American Literature and Immediacy
Literary Innovation and the Emergence of Photography, Film, and Television


Part of Cambridge Studies in American Literature and Culture

  • Publication planned for: January 2020
  • availability: Not yet published - available from January 2020
  • format: Hardback
  • isbn: 9781108487382

£ 75.00

  • The search for immediacy, the desire to feel directly connected to people or events, has been a driving force in American literature and media culture for the past two centuries. This book offers the first in-depth study of literary immediacy effects. It shows how the heightened reality effects of photography, film, and television inspired American writers to create new literary forms that would enhance their readers' sense of immediate participation in the world. The study combines close readings of Emerson, Whitman, Stein, Dos Passos, Coover, Foster Wallace, and DeLillo with detailed considerations of visual media to open up a new perspective on literary innovation and the ongoing cultural quest for increased immediacy. It argues that we can better understand how American literature develops when we consider experiments with literary form, not only in literary and cultural contexts but also in relation to the emergence of new media, their immediacy effects, and the larger changes in social life that they manifest and provoke.

    • Uses a historical long-range perspective to show that American writers in the past two hundred years typically have responded to the emergence of new visual media with innovative experiments in literary form
    • Identifies a common pattern of response across multiple eras, genres, and media
    • Combines the perspectives of literary studies, cultural studies, and media studies

    'Media archaeology from the literary inside out: immediacy theory, scrupulously pursued from photography's transparent eyeball to the universal tube, from transcendentalism through cinematic montage to the ethos of tele-presencing. Emerson and Whitman speak to Stein and Coover, Dos Passos to DeLillo and Wallace, as never before across the very leaps of technological advance in an intermedial evolution of American poetics. Schaefer's adjustable lens enhances her panoramic traveling shot of this terrain with verbal close-ups that lock in an immediate - and indispensable - focus all their own. Entering a lively scholarly dialogue on competing media, her book canvasses literary voices that, even when those of familiar suspects, have unexpected news to bring. This engrossing study will be of interest equally to students of American literary history, media theory, the tradition of ekphrastic writing, and the video-inflected discontinuities of postmodernist narrative in an epoch of visual literacy.' Garrett Stewart, author of Transmedium and Cinemachines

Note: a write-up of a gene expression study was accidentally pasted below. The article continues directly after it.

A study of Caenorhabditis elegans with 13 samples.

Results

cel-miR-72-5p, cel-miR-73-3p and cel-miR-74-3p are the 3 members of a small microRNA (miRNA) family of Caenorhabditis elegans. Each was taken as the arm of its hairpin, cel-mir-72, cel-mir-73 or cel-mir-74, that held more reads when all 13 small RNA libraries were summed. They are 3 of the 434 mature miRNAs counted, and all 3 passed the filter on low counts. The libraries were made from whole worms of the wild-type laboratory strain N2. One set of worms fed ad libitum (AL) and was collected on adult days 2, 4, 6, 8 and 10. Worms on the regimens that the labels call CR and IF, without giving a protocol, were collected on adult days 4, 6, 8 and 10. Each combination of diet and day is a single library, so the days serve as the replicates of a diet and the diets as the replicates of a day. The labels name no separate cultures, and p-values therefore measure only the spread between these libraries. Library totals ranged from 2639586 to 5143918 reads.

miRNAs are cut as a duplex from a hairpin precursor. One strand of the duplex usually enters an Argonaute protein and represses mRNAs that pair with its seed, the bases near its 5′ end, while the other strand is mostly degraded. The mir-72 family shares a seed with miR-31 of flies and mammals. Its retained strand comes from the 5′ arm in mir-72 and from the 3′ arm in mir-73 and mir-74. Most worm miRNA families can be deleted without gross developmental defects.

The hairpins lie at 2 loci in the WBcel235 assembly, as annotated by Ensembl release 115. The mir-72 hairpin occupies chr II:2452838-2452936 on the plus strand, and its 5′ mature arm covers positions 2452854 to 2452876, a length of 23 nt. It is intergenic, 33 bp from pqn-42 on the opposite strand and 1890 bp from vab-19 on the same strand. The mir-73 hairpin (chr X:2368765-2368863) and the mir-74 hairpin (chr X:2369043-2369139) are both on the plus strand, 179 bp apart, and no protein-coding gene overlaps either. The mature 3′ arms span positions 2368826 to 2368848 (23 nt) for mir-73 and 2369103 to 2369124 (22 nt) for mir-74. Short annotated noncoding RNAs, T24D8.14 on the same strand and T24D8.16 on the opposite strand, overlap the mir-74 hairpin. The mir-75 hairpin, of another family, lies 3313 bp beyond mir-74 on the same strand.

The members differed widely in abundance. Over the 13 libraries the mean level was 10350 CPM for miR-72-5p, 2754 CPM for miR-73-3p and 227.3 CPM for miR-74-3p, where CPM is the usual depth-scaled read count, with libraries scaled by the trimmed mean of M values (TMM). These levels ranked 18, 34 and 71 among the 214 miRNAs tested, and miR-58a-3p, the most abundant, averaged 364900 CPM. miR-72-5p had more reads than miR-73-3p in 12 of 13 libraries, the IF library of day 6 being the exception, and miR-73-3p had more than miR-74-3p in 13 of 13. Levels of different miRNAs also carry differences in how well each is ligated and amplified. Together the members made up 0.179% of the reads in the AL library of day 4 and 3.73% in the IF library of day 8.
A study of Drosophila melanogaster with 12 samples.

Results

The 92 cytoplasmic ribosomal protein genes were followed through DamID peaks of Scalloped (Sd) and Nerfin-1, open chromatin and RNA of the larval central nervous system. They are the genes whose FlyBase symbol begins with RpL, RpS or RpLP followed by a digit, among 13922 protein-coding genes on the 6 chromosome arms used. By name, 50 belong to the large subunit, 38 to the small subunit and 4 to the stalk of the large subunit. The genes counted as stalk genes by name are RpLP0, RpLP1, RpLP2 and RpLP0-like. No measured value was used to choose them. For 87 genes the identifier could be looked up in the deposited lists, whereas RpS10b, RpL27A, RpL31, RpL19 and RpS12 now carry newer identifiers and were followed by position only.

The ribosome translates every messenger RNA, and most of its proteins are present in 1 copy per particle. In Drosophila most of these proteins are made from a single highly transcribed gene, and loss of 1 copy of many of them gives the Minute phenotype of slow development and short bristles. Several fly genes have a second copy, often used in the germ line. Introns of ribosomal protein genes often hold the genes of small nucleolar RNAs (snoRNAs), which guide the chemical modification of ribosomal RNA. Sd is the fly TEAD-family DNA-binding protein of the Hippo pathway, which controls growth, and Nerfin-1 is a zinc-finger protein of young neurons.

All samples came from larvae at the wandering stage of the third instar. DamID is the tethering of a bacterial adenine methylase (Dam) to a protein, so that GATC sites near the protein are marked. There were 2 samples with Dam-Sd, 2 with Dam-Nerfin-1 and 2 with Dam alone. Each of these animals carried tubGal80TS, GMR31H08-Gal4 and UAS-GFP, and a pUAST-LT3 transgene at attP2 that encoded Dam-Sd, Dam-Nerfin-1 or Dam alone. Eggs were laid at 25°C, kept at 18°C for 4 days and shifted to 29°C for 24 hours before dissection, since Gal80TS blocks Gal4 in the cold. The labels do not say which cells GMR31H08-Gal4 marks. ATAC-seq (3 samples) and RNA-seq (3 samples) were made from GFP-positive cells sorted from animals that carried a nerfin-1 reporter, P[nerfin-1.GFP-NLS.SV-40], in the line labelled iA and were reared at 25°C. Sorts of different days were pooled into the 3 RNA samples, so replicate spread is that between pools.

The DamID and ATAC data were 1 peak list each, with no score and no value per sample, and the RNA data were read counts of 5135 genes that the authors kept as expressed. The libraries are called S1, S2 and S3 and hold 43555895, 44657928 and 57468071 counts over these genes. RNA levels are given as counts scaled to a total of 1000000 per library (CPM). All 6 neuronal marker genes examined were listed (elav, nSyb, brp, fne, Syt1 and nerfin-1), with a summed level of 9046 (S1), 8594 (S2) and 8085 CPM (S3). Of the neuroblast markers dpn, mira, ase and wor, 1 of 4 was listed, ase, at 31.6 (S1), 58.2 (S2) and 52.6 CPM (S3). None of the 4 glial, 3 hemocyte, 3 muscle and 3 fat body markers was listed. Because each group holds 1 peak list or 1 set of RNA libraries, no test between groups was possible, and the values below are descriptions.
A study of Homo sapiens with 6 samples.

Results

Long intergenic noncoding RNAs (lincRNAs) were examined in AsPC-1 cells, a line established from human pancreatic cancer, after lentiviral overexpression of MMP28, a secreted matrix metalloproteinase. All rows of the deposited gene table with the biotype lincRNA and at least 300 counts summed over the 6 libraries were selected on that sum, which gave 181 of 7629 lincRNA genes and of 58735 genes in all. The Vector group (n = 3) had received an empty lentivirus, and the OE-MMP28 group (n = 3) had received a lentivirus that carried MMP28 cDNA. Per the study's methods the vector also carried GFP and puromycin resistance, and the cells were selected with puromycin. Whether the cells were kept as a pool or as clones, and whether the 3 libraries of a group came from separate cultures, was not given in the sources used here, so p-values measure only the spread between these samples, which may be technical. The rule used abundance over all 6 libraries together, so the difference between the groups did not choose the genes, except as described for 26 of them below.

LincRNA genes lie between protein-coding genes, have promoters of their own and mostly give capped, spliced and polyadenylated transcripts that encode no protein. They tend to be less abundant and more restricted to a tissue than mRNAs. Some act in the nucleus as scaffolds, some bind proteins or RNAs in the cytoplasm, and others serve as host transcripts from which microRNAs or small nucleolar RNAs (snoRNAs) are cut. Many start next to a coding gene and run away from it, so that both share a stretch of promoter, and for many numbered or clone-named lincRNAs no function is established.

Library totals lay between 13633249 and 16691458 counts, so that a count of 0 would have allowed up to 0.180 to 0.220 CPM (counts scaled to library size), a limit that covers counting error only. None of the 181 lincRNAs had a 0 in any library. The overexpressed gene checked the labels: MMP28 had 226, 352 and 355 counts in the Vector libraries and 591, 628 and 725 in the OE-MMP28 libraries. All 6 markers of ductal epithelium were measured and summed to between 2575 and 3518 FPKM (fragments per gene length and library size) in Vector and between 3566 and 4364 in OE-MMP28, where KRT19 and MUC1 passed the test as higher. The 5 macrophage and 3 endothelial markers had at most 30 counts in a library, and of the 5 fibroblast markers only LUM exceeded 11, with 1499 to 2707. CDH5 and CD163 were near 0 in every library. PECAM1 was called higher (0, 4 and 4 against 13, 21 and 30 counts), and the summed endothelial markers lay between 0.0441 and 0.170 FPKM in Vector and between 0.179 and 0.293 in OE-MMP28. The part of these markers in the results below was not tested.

'American Literature and Immediacy is at once grand in its aim of tracing the multidimensional concept of immediacy across visual media and a century and a half of American literature, and focused in its nuanced and compelling close readings of well-chosen case studies that represent some of the most intellectually earnest and formally ambitious literary responses to new visual media. I warmly welcome its significant contribution to literary studies and comparative media analyses and its impressive examination of a major concept in American culture - immediacy.' Marcy J. Dinius, DePaul University, Chicago and author of The Camera and the Press


    • Publication planned for: January 2020
    • format: Hardback
    • isbn: 9781108487382
    • dimensions: 228 x 152 mm
    • availability: Not yet published - available from January 2020
  • Table of Contents

    The quest for immediacy in American literature and media culture
    Part I. Literary Immediacy and Photography:
    1. The poet as 'exact recorder of the essential law': Ralph Waldo Emerson's poetics in the context of early photography
    2. 'To exalt the present and the real': Walt Whitman's photographic poetry
    3. The politics of paying attention: the romantic desire for immediacy
    Part II. Literary Immediacy and Cinematography:
    4. 'Living moving pictures': the thrills of early cinema
    5. 'Making a cinema of it': seriality and presence in Gertrude Stein's early literary portraits
    6. 'A novel like a documentary film': cinematic writing as cultural intervention in John Dos Passos's Manhattan Transfer
    Part III. Literary Immediacy and Television:
    7. Being there: television's aesthetics of immediacy
    8. For real? The critique of TV culture in the short fiction of Robert Coover and David Foster Wallace
    9. “Nothing happens until it is consumed': the remediation of TV images in Don DeLillo's Mao II
    10. Fiction in the age of television
    Still in pursuit

  • Author

    Heike Schaefer, University of Education Karlsuhe
    Heike Schaefer is Professor of North American Literature and Culture at the University of Education Karlsruhe, Germany. She is a former Fulbright fellow, author of Mary Austin's Regionalism: Reflections on Gender, Genre, and Geography (2004) and has edited several books and special issues, including The Printed Book in Contemporary American Culture: Medium, Object, Metaphor (forthcoming), 'Network Theory and American Studies' (2015), and 'Literary Knowledge Production and the Life Sciences' (2017).